THE Impact Ranking 2023: FAU and two other German universities lead the world in industrial research


The subject of this ranking is industry-related research. With a weight of 11.6%, research publications from 2017 to 2021 on the topics of industry, innovation and infrastructure are included. The exact list of “keywords” applied has not been published, but it stands to reason to assume topics such as (sustainable) energy generation and grids, electromobility, Industry 4.0, smart cities, additive manufacturing, robotics, medical technology and others here. Obviously, German universities are very successful in driving these and other topics in close cooperation with companies. This is also reflected in another important criterion of the THE Ranking, third-party funding from industry, which is included in the ranking result with a weight of 38.4%. Here, the ranking captures third-party funding income in a wide range of disciplines, namely STEM, medicine, economics and social sciences, as well as arts and humanities. In order to treat large and small universities equally, third-party revenues were measured per full-time position.

Equally research-related is the third criterion (weight: 15.4%), namely the extent to which worldwide patent applications draw on and cite research results from the university evaluated. German universities evidently score particularly well on this criterion as well. The fourth and last criterion of the ranking (weight 34.6%), the number of university spin-offs, shows that universities make economic use of their know-how. It measures the number of university spin-offs founded between 2000 and 2020 that were still in existence at the time of the survey (2023).

How should these results be interpreted? First of all, it should be noted that in contrast to a purely subject-related rankings, in which German universities rarely occupy top positions on a worldwide scale, here a cross-disciplinary ranking was undertaken to measure the performance of universities in industry-related research – in rather different disciplines. The fact that the universities in Stuttgart, Munich and Erlangen-Nuremberg have now been ranked as world leaders can certainly be explained, as all three cities or metropolitan regions have a strong (industrial) corporate environment. The geographical proximity to these companies seems to have a positive effect on the intensity and quality of collaboration. This ranking makes it strikingly clear where specific strengths of German universities lie or could lie – strengths of which we should be aware. In the THE Impact ranking, for example, only two U.S. universities are among the top 100 in the category “Industry, Innovation and Infrastructure,” and they tend to be at the “bottom of the list” (University of South Florida: 49th place; MIT: 69th place).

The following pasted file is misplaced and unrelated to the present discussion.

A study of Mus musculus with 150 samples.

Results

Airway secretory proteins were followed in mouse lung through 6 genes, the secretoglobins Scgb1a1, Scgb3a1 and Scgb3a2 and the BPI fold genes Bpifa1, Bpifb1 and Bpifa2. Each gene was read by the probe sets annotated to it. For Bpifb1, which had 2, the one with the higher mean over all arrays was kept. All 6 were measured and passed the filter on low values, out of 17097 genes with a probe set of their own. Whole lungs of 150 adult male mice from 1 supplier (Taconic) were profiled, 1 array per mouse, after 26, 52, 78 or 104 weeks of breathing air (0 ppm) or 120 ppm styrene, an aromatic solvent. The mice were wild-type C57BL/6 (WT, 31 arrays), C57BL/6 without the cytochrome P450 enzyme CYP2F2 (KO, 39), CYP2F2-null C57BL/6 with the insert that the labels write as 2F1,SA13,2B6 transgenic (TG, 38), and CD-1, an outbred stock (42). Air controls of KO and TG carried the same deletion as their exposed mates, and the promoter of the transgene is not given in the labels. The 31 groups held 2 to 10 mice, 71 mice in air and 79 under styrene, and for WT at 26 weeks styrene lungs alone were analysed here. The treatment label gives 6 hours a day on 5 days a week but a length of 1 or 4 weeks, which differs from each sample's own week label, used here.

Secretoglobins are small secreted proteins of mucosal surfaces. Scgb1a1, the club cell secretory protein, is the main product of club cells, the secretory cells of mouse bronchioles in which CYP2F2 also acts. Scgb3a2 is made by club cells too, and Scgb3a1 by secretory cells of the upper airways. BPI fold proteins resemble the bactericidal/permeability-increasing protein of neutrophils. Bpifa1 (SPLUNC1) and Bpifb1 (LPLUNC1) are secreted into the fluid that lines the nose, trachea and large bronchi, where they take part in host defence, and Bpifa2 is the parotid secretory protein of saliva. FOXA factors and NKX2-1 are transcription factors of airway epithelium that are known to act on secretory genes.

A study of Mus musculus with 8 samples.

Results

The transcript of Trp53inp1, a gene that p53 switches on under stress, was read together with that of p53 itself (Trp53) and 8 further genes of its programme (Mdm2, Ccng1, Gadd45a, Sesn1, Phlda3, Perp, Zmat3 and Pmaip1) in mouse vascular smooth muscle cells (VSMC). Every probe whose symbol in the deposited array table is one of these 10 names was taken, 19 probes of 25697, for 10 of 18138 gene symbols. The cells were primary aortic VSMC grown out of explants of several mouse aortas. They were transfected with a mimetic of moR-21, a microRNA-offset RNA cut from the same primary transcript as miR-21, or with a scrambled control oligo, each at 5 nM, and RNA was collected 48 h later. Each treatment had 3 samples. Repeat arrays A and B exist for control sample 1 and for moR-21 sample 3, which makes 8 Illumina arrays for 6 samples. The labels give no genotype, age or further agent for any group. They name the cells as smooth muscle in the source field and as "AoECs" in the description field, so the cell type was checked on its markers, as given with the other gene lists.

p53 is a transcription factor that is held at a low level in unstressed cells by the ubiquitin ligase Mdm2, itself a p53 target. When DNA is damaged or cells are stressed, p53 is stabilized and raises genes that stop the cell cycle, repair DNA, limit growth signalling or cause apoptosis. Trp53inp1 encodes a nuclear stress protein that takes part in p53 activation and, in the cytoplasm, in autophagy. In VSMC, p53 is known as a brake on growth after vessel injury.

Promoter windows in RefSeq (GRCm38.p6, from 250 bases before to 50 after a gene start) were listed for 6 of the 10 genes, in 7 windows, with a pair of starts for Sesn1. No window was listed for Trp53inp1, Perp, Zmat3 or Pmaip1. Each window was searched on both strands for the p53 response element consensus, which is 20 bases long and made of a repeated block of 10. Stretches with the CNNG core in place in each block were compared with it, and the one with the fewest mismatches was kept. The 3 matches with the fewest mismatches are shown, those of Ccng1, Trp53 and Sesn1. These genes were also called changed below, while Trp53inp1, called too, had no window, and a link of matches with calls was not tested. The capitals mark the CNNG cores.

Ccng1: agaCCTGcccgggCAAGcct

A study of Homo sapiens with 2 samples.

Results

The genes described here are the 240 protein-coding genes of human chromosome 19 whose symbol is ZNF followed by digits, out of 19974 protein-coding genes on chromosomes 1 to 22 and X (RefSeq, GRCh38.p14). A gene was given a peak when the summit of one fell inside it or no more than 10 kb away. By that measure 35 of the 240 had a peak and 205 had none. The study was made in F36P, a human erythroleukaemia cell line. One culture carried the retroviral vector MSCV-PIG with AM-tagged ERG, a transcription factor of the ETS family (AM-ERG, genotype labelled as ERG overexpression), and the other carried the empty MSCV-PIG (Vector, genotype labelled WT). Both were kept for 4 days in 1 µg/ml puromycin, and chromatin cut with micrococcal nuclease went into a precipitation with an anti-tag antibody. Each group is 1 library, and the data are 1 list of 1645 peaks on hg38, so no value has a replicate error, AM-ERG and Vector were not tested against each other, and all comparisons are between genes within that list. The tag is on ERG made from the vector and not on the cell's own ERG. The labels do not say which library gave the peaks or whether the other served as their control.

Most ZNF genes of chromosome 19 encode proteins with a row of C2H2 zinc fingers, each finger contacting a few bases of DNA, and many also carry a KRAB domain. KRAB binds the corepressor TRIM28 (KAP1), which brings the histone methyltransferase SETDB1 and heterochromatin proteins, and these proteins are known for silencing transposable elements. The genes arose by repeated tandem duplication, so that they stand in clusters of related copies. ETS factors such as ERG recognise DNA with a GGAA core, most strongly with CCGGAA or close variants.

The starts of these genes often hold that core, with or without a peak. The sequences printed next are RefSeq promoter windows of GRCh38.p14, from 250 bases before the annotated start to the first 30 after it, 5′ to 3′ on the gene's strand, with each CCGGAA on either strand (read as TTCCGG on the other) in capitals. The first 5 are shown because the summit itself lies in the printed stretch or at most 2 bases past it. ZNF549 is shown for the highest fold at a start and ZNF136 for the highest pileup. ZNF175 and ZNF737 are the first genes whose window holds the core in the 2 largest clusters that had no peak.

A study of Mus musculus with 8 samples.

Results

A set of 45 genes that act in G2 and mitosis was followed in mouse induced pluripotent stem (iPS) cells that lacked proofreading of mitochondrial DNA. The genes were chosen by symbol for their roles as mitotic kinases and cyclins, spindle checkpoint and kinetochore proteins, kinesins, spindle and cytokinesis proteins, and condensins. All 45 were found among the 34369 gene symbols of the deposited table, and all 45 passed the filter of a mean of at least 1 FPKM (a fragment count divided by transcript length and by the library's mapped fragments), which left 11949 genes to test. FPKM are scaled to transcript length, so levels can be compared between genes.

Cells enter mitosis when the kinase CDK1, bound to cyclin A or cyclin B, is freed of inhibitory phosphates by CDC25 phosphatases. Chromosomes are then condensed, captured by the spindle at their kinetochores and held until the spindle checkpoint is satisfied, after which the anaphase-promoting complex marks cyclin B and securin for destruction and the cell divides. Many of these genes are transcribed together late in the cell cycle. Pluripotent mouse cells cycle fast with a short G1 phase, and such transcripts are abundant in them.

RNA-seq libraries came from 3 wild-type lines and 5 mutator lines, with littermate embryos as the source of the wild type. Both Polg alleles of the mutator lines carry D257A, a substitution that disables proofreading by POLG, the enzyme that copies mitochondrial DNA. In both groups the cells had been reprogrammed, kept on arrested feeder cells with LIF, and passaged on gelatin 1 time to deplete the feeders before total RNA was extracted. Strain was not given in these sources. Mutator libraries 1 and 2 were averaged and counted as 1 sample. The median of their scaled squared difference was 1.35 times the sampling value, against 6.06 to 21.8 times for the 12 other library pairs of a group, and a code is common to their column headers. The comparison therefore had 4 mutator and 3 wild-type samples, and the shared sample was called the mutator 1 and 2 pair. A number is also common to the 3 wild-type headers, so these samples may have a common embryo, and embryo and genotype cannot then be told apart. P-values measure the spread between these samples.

However, one should not overlook the fact that this is an impact ranking, i.e., the evaluation of the ability of universities to contribute to the solution of urgent (sustainability) problems with scientific findings. With all due caution, it may be stated that German universities are apparently very successful in achieving such impacts with their research results. These strengths should also be used and expanded in tackling upcoming and future challenges, in relation to industry, for example, on the topics of “industrial platforms”, the “industrial metaverse” and the industrial use of AI.

The ranking also emphasizes that companies are able to deliver significant contributions to achieving the global sustainability goals, and will continue to do so in the future: with their products and services, their systems and technologies. A targeted university-industry collaboration is an important success factor here.

Despite all the obligations for future work, today the encouraging bottom line remains: German universities can be world leaders in interdisciplinary research areas, e.g., in the field of “sustainability”, if you look at it from the point of view of its result, its “impact”.